Islam provides specific guidelines for how an individual's property should be handled after death. The Holy Quran outlines the principles of the “Islamic Law of Inheritance,” emphasising the every Muslim should create a will (wasiyyah). This will ensure the proper distribution of assets in line with Sharia laws upon their passing. However, navigating the intersection of Sharia inheritance and the English law of succession can be complex, posing challenges not only for the general public but also for experts.
As a result, it’s not uncommon for Muslims with ties to the UK to stumble upon difficulties in making a will that aligns with both UK law and Sharia law. In this article, we’ll look at why these legal frameworks require careful consideration and how individuals can go about making a Sharia compliant will that reflects their wishes.
Challenges in aligning English law with Sharia Inheritance
English law doesn’t treat the Sharia rules on inheritance as an independent set of regulations. Simply stating in a will that Sharia should apply is not recognised, and this approach is likely to lead to intestacy (i.e. how your assets are distributed when you die without a will).
Furthermore, Sharia principles vary across different communities, like the Shia and Sunni groups, making it challenging to precisely interpret and apply these principles within the framework of English law. The result is a complex landscape where bringing together both English legal requirements and Sharia becomes intricate.
Sharia refers to the principles of law within the Muslim religion. Grounded in the Holy Quran, the Sunnah, Hadith, and interpretations by Islamic scholars, Sharia is the comprehensive term for Islamic law. In Arabic, Sharia translates into ‘law,’ eliminating the need for the redundant term ‘Sharia law.’ So, for the purpose if this article, we’ll use ‘Sharia’ to describe this body of principles.
Diversity in Islamic Traditions
While all Muslims follow the Quran and recognise Muhammed as a prophet, the faith has evolved into two main branches with distinct traditions. Sunni and Shi’a stand as the most widely practised branches of Islam.
Sunni, prevalent among over 80% of Muslims worldwide, is more widespread than Shi’a, which holds the majority in specific countries such as Iran and Bahrain. The primary division between Sunni and Shi’a revolves around the succession of Mihammad, with additional distinctions stemming from this initial difference.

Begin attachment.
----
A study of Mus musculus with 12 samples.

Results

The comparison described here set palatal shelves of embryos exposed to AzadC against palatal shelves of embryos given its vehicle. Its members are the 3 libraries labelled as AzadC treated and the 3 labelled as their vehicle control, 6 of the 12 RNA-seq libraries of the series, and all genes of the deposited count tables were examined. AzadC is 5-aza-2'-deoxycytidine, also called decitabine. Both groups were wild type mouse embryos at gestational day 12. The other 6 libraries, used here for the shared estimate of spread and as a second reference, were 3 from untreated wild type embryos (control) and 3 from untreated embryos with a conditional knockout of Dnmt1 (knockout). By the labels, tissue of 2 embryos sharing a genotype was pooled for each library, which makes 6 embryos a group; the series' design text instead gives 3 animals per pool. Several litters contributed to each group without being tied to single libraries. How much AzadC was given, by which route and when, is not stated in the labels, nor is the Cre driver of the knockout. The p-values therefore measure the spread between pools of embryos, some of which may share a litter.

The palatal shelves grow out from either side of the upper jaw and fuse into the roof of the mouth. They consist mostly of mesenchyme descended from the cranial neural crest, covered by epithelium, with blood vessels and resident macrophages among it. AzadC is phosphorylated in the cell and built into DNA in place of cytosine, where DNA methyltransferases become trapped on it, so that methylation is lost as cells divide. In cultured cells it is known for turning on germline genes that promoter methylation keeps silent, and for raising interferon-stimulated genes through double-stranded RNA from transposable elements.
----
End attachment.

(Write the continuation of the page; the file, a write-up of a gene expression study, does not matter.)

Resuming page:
A will is a legally binding document that outlines how a person’s assets will be distributed after their passing. In the context of Islamic principles, a Sharia-compliant will aligns with the rules of the Islamic law of succession.
It is a duty for every Muslim to create a Will, ensuring the proper distribution of their property in accordance with Sharia upon their death. This practice reflects the religious responsibility for Muslims to manage their affairs in line with Islamic principles, even in matters of inheritance.
Requirements for a legally binding Islamic will in the UK
As Sharia isn’t acknowledged under English law, creating a legally binding Islamic will in the UK involves meeting specific conditions dictated by UK law. Individuals must:
Be 18 years or above;
Have the mental capacity to create a will;
Make sure the will is in writing;
Declare that they authored the will;
Legally confirm that this is their final will, rendering any precious wills invalid;
Sign the will in the presence of two witnesses, neither of whom is a spouse of beneficiary.
While Sharia doesn’t mandate a written will, English law necessitates it. To make a will both Sharia-compliant and legally valid in the UK, consider the following conditions:
The executor must be a Muslim;
Women or individuals with disabilities can be executors or executrices;
Rejecting executorship is more complex under Sharia than English law, especially if the testator passes away before the rejection;
The exact estate distribution is determined only upon the testator’s death;
At least two-thirds of the estate must go to living family members, with specific rules like male children receiving double the shares of female children;
One third of the estate can be left to anyone, such as a charity;
Certain heirlooms must be bequeathed to the elder son;
Sharia prohibits directing the use of the body for research or cremation. Transplant or therapeutic use are allowed in specific circumstances;
A will made by someone under the influence, diminished mental capacity, or coerced is invalid;
A will excluding any heir is invalid under Sharia unless the excluded person consents, with exceptions for specific situations.
Sticking to and understanding these conditions ensure the legal validity of an Islamic Will in the UK, providing a framework within which individuals can align their intentions with both Sharia and English law.